The thing about digital assets is that they can be more volatile than traditional financial instruments, and this was made clear when Bitcoin briefly fell by 7.5% during a broad-ranging selloff that occurred on Monday, December 11th.

The world’s largest cryptocurrency token saw its value plummet to $40,521 in early trading but managed to bounce back by around 7:15 AM London time. As of press time, Bitcoin was trading at $42,245 a token, 3.6% lower than it was over the weekend.

Experts feel that this slight drop may be construed as deleveraging in the market, rather than a drop propelled by adverse events. Indeed, as of morning trading, around $312 million in crypto trading positions that bet on higher prices were liquidated during the session, the highest since September of this year.

Year-to-date, Bitcoin’s value has risen by over 150%. The token’s jump has energized the digital asset sector following its dismal $1.5 trillion plunge in the past year. However, Bitcoin is still a good deal lower than the record-breaking $69,000 seen back in 2021.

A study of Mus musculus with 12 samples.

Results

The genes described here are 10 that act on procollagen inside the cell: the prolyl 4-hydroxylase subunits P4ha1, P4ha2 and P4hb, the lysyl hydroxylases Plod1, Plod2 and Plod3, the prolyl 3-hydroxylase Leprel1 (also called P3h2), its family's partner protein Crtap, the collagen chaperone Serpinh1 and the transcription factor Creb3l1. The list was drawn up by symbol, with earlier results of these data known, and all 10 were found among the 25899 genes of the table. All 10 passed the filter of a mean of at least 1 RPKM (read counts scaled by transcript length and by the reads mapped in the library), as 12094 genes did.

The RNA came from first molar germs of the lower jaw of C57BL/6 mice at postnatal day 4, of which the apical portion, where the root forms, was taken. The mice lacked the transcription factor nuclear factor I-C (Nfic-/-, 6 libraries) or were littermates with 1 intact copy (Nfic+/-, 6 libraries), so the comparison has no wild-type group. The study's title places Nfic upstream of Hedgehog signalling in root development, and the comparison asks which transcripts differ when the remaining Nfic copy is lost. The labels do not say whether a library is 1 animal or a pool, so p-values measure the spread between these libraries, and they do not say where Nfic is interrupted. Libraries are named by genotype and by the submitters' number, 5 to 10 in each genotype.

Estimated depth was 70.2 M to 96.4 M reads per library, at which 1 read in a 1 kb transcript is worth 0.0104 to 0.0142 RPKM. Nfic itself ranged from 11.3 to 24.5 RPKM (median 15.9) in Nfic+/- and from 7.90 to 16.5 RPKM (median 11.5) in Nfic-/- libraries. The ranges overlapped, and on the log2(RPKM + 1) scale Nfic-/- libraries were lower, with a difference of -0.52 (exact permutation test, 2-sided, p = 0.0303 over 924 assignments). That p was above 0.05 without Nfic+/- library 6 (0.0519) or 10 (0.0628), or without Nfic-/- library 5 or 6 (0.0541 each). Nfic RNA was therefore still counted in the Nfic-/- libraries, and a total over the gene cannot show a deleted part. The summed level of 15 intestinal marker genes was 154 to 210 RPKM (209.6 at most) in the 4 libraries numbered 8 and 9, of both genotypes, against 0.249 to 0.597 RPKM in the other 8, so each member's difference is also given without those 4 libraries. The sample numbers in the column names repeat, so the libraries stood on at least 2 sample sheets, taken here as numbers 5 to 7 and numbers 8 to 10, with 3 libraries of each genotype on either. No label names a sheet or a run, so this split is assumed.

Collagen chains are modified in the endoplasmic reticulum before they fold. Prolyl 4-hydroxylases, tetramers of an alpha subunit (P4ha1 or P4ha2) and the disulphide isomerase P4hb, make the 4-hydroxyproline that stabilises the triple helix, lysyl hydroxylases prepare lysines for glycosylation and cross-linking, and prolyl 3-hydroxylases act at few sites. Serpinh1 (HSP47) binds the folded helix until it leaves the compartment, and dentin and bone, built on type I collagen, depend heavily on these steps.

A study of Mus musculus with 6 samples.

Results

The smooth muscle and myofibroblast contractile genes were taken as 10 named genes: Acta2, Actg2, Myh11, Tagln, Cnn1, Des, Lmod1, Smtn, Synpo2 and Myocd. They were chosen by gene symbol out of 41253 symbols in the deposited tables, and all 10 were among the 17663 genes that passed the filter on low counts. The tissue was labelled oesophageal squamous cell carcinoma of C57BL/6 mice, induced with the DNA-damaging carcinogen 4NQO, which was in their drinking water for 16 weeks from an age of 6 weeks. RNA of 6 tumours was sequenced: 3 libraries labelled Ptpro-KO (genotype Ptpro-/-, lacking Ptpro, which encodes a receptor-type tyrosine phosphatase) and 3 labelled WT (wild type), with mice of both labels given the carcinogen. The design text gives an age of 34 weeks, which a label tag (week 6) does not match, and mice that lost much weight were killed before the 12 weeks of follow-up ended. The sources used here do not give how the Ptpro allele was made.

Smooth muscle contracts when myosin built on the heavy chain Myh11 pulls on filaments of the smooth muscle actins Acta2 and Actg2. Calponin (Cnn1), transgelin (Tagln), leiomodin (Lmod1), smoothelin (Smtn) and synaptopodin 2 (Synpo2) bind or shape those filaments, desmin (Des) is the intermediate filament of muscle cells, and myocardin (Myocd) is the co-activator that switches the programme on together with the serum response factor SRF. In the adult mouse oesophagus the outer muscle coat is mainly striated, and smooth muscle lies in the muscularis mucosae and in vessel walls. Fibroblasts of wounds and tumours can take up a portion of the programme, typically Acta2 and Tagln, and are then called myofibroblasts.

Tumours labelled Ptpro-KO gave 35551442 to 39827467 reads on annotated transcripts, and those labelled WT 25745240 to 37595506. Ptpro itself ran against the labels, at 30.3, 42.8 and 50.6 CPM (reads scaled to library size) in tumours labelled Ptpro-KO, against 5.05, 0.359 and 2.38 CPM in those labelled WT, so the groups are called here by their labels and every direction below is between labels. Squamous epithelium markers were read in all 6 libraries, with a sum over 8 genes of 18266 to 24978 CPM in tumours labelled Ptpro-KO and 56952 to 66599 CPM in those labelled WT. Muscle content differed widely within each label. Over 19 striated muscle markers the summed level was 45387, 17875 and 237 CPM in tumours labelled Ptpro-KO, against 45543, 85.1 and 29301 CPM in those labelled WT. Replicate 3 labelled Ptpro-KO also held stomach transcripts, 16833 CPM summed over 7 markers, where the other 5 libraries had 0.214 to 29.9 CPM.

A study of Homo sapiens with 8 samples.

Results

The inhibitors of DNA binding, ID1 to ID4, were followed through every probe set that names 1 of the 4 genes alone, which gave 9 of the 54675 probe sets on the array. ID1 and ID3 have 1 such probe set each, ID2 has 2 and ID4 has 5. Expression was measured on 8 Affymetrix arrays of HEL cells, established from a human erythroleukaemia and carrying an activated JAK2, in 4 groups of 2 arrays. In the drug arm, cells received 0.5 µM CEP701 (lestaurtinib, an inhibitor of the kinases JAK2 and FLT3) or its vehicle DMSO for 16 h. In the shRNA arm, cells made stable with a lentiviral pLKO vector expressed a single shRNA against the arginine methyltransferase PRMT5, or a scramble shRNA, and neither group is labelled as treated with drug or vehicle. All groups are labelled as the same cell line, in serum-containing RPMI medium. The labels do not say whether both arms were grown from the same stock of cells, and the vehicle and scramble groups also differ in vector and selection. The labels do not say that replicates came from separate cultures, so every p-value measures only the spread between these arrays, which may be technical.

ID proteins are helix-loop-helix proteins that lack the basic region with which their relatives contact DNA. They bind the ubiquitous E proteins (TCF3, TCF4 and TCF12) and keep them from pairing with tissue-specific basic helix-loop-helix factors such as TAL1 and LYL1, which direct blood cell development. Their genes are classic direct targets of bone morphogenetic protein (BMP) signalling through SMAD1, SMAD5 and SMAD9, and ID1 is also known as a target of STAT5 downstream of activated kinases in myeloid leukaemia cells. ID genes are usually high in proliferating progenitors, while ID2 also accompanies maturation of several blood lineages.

What Now?

This recent drop in value is seen as a sign that Bitcoin’s most recent rally is not all that it seems. The token has had quite a year, especially in light of the possibility that regulatory agencies are set to approve the direct investment of US exchange-traded funds into Bitcoin. This is expected to expand possibilities for those investing in digital assets. 

Likewise, the possibility of interest rates getting slashed to more reasonable limits by the Federal Reserve early next year has also fueled the Bitcoin rally, as well as those for several other cryptos in recent weeks.

For now, however, investors and market watchers alike are focused on how the Federal Reserve’s last policy meeting for the year which closes on Wednesday, December 13th will impact any bets made on the possibility of rate cuts occurring as early as the first quarter of next year.